As much for its tourist haunts and delightful way of life, did you know that Istanbul has some quirky facts to its own history?
Here are 15 surprising facts about Istanbul
- Istanbul is the only city in the world that straddles two continents: Asia and Europe.
- Istanbul, while being the ancient capital of many empires, from Rome to the Ottoman era, it is not the modern capital of Turkey as Ankara is.
- Istanbul, which used to be known as Constantinople thanks to the Roman Emperor Constantine the great, is built on seven hills to match the seven hills of Rome.
- Under the Ottoman Empire, the city was renowned for having more than 1,400 public toilets.
- While not the capital, Istanbul is Turkey's largest city with more than 13 million people - 99 percent of which are Muslim.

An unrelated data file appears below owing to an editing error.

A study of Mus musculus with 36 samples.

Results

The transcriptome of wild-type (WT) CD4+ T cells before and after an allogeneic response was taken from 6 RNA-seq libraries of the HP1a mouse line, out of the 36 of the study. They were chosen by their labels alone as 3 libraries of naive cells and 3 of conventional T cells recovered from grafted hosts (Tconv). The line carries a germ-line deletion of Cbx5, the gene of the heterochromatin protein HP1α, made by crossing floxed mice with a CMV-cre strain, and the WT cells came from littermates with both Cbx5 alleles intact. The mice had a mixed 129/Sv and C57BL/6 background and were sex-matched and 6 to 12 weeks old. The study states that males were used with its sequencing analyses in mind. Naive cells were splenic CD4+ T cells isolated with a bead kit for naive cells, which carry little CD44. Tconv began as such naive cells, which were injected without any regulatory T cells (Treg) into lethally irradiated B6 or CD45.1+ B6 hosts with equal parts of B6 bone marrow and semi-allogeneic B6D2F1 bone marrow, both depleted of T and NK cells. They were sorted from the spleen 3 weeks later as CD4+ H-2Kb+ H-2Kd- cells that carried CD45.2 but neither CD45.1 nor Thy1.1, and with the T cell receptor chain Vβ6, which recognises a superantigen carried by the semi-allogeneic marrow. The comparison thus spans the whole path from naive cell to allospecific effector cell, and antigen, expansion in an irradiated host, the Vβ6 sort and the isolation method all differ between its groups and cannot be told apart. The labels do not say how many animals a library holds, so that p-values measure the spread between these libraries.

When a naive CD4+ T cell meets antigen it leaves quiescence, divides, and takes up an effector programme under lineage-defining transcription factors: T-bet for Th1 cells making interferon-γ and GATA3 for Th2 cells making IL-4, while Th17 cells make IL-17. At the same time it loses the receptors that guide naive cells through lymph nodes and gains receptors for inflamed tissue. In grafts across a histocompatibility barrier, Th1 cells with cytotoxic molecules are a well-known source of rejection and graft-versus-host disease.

- Tulips, the symbol of Holland, originated in Istanbul and were sent from Istanbul to Netherlands.
- The Grand Bazaar is the biggest old covered bazaar in the world, with over 3.000 shops.
- British author Agatha Christie wrote her famous novel ''Murder on the Orient Express'' at Pera Palas Hotel in Istanbul.
- Istanbul is surrounded by sea/ with the Bosphours cutting right through it. And yet, snow is common in the city, with the annual average being 18 inches.
- Istanbul has the same population -- 13 million and rising -- as one of the smallest countries in Europe, Belgium.
- Originally named the Tower of Christ, the Galata Tower was built in 1348 at the apex of fortified walls and was used to house prisoners of war, later became an observatory, but now offers a 360-degree viewing gallery of the city.
- It has been a noted inspiration for authors from Paul Theroux and Ernest Hemingway to Orhan Pamuk and Abdulhak Sinasi Hisar.
- Istanbul was once renowned as the most crowded city in the world - in 1502.
- Istanbul has the third oldest subway in the world, built in 1875. It's 573 meters long and located in the Beyoglu district.
- Istanbul was the European Cultural Capital City in 2010, but has never hosted the Olympics.